State Lands Acquisition Fund, Private Donations, Critical to Conservation Efforts

Nashville, TN – Governor Phil Bredesen and Department of Environment and Conservation Commissioner Jim Fyke announced today the third phase of an effort to protect a critical recreation and conservation area adjacent to South Cumberland State Park in Grundy and Marion counties, known as Fiery Gizzard. 

The state of Tennessee has committed approximately $4 million to acquire a threatened 2,900-acre portion of the Fiery Gizzard Trail and viewshed, which is part of a larger campaign to protect 6,200 acres. In addition to the state’s contribution, conservation groups are working to raise $2.1 million needed to complete the transaction.

Fiery Gizzard

Fiery Gizzard

“Fiery Gizzard is nationally recognized for recreation, and threatened by development,” said Bredesen. “By leveraging resources to preserve this land, we will be able to both protect the breathtaking scenery and important ecological features at the site for future generations, as well as continue to draw visitors to South Cumberland State Park, enhancing tourism and the local economy in one of Tennessee’s rural areas.”

The majority of the state’s funding comes from the State Lands Acquisition Fund. This year the Governor proposed and the General Assembly approved re-establishing the SLAF using a portion of the Real Estate Transfer Tax.  The state’s commitment also includes federal funding from the Land and Water Conservation Fund and a portion of a federal grant.

The Land Trust for Tennessee and The Conservation Fund, supported by the Friends of South Cumberland, are partners with the state to raise private dollars to complete the 6,200-acre phase of the project. The total project cost is $8.1 million – $4 million from the state, $2.1 million in private fundraising and $2 million from the expected sale of part of the property to a conservation buyer.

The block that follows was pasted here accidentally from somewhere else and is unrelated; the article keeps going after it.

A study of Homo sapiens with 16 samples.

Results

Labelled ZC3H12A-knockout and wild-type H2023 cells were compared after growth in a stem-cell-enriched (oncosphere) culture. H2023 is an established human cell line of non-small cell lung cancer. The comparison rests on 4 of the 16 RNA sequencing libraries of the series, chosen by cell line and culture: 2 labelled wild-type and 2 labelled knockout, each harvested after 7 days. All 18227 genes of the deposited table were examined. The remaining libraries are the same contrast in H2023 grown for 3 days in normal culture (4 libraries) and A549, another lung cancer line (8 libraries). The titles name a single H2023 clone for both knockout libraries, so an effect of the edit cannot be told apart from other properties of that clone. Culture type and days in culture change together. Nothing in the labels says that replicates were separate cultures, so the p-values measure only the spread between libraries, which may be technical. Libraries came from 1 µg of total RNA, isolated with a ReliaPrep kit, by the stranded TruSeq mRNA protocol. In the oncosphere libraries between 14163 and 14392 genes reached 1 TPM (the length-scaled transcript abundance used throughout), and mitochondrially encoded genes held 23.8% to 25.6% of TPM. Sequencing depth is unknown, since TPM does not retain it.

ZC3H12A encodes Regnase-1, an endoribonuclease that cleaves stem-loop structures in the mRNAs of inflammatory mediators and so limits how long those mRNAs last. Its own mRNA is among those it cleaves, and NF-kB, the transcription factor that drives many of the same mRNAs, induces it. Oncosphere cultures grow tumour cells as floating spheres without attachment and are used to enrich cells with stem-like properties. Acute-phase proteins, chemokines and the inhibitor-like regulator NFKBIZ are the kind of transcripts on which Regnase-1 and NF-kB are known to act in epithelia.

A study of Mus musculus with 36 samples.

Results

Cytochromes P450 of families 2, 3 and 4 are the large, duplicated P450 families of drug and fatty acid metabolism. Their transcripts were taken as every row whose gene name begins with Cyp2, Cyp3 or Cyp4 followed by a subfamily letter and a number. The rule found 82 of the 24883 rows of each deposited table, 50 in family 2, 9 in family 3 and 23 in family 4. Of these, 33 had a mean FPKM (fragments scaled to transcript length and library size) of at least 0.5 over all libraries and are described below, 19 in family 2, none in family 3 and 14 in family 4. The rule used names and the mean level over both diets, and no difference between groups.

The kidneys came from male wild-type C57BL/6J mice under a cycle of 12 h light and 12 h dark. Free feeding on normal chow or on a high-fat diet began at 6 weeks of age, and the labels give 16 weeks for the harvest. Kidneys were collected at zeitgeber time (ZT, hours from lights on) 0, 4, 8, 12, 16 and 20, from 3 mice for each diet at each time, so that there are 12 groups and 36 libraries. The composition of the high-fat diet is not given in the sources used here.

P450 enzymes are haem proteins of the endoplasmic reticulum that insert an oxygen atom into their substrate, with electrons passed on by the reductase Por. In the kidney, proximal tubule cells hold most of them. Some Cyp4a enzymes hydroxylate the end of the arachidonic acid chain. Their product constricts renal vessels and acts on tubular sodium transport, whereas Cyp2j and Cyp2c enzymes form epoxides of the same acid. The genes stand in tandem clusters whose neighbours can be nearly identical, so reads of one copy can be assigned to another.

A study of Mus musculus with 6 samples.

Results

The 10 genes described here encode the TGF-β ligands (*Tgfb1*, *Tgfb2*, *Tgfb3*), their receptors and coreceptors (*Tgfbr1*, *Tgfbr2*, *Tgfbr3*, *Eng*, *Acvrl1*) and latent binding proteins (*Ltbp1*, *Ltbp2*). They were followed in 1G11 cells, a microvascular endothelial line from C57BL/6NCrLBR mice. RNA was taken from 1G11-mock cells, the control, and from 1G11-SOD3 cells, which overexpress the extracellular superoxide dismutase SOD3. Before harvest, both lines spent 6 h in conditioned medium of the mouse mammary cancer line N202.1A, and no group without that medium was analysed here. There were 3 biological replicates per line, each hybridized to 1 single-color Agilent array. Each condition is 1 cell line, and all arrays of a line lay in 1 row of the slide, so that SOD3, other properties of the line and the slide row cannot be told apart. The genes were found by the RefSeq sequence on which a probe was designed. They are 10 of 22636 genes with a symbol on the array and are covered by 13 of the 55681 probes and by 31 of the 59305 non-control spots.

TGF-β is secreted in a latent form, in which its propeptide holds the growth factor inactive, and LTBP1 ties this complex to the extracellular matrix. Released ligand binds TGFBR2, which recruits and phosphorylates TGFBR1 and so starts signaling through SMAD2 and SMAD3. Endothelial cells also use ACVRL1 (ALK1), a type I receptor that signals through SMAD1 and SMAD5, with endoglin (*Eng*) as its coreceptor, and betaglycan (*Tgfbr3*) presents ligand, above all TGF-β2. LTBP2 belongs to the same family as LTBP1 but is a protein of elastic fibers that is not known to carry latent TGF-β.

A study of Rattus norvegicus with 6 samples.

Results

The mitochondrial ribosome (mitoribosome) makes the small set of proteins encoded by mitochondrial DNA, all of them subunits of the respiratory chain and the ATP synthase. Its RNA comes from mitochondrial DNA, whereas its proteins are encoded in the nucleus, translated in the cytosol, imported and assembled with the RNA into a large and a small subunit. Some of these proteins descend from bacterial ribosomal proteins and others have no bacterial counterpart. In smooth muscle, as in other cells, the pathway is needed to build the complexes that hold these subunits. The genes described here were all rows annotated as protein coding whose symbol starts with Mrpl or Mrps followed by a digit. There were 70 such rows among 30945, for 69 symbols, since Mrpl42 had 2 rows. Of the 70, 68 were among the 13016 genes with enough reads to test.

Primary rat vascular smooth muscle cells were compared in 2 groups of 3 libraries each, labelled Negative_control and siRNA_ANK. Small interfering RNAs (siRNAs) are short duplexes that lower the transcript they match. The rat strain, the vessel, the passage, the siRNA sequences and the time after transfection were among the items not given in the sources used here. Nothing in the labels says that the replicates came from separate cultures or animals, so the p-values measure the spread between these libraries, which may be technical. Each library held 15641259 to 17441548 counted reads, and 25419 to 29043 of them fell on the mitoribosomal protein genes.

Friends of South Cumberland State Park“The purchase of the Fiery Gizzard tract at South Cumberland preserves both the trail and the viewshed into the future,” said Fyke.  “This opportunity won’t come along again. We appreciate all the efforts of our conservation partners, and particularly want to recognize the late Marvin Runyon, a long-time member of the Friends of South Cumberland State Park, who was instrumental in securing nearly $2 million in federal grant funding to initiate this series of acquisitions.”

The Fiery Gizzard Trail is managed by South Cumberland State Park, though most of the trail and viewshed have historically been privately owned. The area has been a priority for conservation as the land becomes available. Upon the completion of phase three, the state’s total investment in Fiery Gizzard since 2003 will be $6.2 million in SLAF and federal funding, resulting in the acquisition of 4,559 acres. In all, including phase three, the state and conservation partners’ commitment at Fiery Gizzard will protect a grand total of 9,779 contiguous acres.

The Fiery Gizzard Trail has been ranked as one of the top 25 backpacking trails in the country by Backpacker magazine. The 17-mile trail features streams, waterfalls, rocky gorges and spectacular panoramic views. For more information about the trail or South Cumberland State Park, visit the website at www.tnstateparks.com/SouthCumberland.

To learn more about the Fiery Gizzard campaign, visit www.fierygizzard.org.